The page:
FFS results and Farmer’s Capacity Building
No of FFS conducted: Implementation of FFS has begun since October 2011 to introduce IPM to farmers as a sustainable strategy to crop production and protection.
From October 2011 to April 2015, 676 FFSs, 298 on wheat, 180 on melon, 61 on potato, and 120 on rice were conducted in 14 provinces of Afghanistan to improve the management capacity of farmers of these major crops.
No of Farmers trained: 16,900 farmers (farm households) participated in these FFSs, 7450 on wheat, 4,500 on melon, 1,525 on potato and 3,000 on rice, averaging 25 per FFS. However, the regular participant in each FF S was from 10-15. Considering 7 is average size of an Afghan farm family, 118,300 peoples including men, women and children benefited from this FFS training through increased yields, production and income.
Increased yields and incomes: Farmers applying the learning from FFS training have been able to improve their yields by 43% in wheat, 77% in melon, 28% in potato and 49% in rice.
However, average net return has increased at much higher percentage, from 56% in melon to 100% in wheat. This was possible because of significant reduction in production cost, mainly from chemical fertilizers and pesticides use.
IPM/FFS has now opened a new opportunity to boost the agriculture production in the country in a more practical manner, while almost doubling the household income from agriculture. The result presented here is based on the systemic records of detailed cost and return analysis of individual FFS plots. For more details…
Reduction in chemical pesticides use: Pesticides use such as insecticides and fungicides use in IPM/FFS FFS fields has been reduced to zero percent. Because of better plant growth there has been no need to use any pesticides in any of the four major crops mentioned above. Pesticide use has been promoted with a misunderstanding that it is an essential input for crop production.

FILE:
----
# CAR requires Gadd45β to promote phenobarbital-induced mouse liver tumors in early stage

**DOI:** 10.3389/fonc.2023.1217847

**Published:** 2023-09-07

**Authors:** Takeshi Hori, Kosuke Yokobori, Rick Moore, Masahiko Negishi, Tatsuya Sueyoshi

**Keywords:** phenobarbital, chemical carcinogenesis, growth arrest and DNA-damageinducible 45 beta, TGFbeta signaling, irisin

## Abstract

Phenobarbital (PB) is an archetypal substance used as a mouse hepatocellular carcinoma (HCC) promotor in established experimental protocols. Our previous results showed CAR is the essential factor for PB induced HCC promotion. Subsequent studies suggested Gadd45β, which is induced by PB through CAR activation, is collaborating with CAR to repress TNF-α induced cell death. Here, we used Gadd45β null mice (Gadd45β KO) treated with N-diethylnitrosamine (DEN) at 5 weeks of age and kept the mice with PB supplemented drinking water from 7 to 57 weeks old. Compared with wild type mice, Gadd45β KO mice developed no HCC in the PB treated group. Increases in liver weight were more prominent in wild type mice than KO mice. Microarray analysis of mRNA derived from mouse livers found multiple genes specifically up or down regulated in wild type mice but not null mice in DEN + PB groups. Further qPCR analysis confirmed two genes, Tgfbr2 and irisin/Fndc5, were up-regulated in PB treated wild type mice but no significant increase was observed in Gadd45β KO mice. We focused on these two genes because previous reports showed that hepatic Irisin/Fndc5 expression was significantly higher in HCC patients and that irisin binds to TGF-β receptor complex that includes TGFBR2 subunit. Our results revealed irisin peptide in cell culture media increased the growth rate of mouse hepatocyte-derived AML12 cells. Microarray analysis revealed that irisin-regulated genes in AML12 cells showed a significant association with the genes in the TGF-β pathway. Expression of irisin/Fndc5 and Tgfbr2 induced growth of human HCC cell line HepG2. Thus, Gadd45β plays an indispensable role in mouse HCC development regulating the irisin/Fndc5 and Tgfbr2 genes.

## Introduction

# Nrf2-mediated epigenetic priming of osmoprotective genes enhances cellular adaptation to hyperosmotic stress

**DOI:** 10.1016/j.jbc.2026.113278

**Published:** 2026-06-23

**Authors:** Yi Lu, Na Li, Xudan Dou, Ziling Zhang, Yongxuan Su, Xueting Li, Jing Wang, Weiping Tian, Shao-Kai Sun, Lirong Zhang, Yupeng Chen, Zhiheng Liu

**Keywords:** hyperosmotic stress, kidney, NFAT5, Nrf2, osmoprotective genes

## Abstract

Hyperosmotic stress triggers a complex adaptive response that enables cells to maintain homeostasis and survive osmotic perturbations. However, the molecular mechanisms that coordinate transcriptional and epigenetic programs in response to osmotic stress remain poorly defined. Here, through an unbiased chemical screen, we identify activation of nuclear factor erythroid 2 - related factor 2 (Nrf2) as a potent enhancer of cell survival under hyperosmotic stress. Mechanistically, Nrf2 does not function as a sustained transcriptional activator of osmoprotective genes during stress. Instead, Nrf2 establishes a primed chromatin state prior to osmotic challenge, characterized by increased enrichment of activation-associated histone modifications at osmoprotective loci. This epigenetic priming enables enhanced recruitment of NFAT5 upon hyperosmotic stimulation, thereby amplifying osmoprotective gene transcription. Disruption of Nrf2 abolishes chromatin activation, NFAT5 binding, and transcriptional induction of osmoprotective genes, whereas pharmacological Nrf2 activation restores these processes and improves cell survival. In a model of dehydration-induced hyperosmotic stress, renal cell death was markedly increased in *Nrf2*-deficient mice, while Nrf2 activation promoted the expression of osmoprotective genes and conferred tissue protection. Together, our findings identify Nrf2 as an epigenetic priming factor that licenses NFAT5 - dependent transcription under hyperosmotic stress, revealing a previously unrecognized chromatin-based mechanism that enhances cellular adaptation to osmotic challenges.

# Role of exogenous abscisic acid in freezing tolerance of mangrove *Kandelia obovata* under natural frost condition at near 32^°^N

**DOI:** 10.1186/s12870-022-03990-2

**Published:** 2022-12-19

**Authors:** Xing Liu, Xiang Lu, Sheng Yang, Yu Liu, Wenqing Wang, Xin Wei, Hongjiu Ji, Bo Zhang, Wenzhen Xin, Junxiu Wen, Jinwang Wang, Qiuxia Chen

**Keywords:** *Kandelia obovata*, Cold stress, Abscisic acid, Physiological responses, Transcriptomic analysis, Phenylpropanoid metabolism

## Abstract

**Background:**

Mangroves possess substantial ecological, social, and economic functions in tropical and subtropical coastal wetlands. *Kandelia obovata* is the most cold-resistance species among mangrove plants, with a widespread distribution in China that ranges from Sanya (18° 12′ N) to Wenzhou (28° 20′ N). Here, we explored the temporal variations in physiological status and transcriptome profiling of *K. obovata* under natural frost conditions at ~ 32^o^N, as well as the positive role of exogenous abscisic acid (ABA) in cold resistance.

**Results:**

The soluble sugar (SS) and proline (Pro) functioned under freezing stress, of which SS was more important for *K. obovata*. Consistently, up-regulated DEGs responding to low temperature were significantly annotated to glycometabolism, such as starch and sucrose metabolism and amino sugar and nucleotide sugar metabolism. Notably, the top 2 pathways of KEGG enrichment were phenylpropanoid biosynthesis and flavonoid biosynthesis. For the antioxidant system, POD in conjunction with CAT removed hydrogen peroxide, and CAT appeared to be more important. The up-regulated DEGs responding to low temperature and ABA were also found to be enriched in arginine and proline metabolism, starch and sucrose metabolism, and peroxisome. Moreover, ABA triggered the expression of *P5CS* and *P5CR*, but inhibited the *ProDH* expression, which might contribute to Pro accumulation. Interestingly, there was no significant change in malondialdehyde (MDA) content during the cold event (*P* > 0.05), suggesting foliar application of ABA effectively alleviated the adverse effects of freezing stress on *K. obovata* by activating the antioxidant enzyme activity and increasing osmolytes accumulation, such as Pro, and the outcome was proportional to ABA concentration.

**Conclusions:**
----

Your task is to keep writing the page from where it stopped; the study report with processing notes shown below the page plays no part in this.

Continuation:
Reduction in chemical Fertilizers use:
Chemical fertilizers use such as Di Ammonium Phosphate (DAP) and urea use has been significantly reduced. A 50% reduction has been common to most FFS fields with substantial increase in yields. This was because of introduction of specific soil fertility improvement measures such as application of animal manure/compost, Indigenous Micro Organisms (IMOs), use of rotary weeders for weeding and increased aeration in the soil, changing water management practice from flooding to alternate drying (in rice) and use of mulch (in melon).
Improvement in Environment, human health and contribution to climate change adaptation: IPM promotes ecological practices of crop production. The technologies or the practices introduced to farmers have direct impact on environment, human health and climate change adaptation. The reduction in chemical pesticides and fertilizers use reported above are a direct contribution to improving the environment and human health. The stronger growth of plants resulting from the improved practices introduced in FFS is a practical means for plants to cope with the changing environment due to climate change. In a harsh environment in many places in Afghanistan where FFS has been conducted, FFS farmers have experienced no crop loss at all, while other farmers suffering crop loss.